The business aviation industry has pledged to be carbon neutral by 2050. It must transition to sustainable energy sources, develop a modernised, efficient operational infrastructure and promote offsets.

Business aviation leaders have pledged to achieve net zero CO2 emissions by 2050. This latest agreement builds on the original business aviation commitment on climate change (BACCC) made in 2009, with the industry pledging to continue its goal of increasing fuel efficiency by two per cent per year between 2020 and 2030. The International Business Aviation Council (IBAC) and its 15 member associations have agreed to further contribute to climate action efforts through a combination of measures in close collaboration with governments and stakeholders across the air transport industry.

IBAC director general Kurt Edwards said:“This is an ambitious goal, but I am optimistic we can get there by working together. We as an industry have been successful leaders in new technology to drive fuel efficiency and reduce carbon emissions. Now we go to the next level by engaging key stakeholders with a common goal to decarbonise our industry.”

The industry recognises it will need a substantial shift in aircraft innovation. GAMA president and CEO Pete Bunce noted that technology advancements would be a key component to reaching the milestone, pointing to lighter materials, reduction of parts through additive manufacturing, propulsion innovation, aerodynamic optimisation through composites, advanced alloys, skin coatings and active winglets as just some of the many areas where further improvements will have impact.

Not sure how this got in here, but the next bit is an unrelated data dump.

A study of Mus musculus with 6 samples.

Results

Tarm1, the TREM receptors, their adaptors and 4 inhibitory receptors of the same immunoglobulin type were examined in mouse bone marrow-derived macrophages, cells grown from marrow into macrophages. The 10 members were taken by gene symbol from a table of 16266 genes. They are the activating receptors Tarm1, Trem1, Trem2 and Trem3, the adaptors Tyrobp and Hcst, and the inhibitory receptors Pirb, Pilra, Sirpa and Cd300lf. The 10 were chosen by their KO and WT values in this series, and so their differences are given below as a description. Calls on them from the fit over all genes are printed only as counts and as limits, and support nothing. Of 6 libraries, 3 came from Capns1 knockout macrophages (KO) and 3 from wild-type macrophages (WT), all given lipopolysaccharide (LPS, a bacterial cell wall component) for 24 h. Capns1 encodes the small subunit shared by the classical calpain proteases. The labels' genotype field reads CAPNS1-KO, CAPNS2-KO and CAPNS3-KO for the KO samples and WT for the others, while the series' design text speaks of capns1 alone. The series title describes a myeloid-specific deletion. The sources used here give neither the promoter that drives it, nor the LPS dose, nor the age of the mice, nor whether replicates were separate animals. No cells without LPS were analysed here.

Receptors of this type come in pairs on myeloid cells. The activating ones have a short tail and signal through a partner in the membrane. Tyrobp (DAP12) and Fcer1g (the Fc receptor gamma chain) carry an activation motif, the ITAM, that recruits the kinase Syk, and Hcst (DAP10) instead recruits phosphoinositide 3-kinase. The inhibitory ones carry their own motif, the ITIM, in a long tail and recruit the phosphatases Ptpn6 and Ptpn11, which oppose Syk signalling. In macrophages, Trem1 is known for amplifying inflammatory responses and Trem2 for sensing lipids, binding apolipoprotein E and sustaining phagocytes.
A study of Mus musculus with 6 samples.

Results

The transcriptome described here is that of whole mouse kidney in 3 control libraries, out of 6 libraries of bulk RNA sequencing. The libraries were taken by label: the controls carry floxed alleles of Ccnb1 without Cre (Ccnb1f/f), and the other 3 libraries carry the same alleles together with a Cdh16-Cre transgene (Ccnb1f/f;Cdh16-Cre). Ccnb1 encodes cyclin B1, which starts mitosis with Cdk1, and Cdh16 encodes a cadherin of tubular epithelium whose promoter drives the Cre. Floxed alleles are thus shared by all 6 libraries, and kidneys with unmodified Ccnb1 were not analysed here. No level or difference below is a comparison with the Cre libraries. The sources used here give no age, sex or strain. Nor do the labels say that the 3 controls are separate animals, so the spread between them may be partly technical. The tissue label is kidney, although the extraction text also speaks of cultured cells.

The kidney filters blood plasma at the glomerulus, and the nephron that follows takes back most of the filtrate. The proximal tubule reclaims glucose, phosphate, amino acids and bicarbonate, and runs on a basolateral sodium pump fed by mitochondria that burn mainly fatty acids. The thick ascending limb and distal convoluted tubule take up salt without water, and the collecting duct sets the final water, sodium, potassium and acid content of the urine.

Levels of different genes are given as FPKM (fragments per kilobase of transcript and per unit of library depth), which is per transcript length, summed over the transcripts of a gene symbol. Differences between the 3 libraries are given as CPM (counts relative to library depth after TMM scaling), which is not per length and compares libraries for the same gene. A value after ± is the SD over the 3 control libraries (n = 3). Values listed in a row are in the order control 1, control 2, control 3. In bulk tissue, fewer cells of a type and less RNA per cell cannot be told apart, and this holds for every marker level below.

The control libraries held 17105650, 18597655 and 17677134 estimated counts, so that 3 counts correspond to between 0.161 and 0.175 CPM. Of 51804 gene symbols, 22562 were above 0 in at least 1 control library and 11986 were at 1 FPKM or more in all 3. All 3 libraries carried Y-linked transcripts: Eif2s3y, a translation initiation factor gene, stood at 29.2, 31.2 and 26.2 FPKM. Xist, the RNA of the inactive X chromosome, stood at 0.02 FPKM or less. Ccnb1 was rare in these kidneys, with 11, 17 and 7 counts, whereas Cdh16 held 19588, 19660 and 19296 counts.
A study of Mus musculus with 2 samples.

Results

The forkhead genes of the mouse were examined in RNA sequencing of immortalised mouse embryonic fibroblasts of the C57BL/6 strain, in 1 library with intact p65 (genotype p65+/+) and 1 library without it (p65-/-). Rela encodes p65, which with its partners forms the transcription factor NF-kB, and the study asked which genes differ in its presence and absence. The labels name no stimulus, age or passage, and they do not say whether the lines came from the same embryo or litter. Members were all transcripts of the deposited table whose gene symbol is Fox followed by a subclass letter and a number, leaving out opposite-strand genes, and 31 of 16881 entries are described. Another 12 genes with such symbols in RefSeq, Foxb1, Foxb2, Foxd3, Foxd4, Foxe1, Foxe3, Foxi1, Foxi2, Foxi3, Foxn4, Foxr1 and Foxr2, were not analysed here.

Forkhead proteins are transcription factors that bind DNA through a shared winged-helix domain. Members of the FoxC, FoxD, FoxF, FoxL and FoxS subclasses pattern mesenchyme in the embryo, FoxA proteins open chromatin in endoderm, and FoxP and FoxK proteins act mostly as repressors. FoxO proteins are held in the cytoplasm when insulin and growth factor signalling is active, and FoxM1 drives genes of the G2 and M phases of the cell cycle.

“As higher blends of SAF become approved for production, we will be able to further optimise fuel efficiency through technological advancements to achieve our environmental goals,” he said. “Our industry also has a proven track record of capitalising upon innovations in the air traffic control infrastructure to further reduce emissions. Additionally, dramatic improvements in avionics and data communications capabilities will increase operational contributions to reducing emissions. When merged with the exciting new designs employing electric distributed propulsion, hydrogen and SAF hybrid aircraft, we are confident innovation will keep us marching toward our net zero goals.”

IBAC director general Kurt Edwards mentioned the other main focus of the updated BACCC: increased production, availability and use of SAF, and adoption of new market-based initiatives: “SAF and initiatives like carbon offsets will continue to be a key piece of the puzzle in carbon emissions reduction.”

Referring to the industry-wide commitment, NBAA president and CEO Ed Bolen added: “This is a testament to the value of a unified partnership among operators, manufacturers, fuelers, service providers and many others. With our collective focus and determination, we can achieve carbon neutrality in our lifetimes.”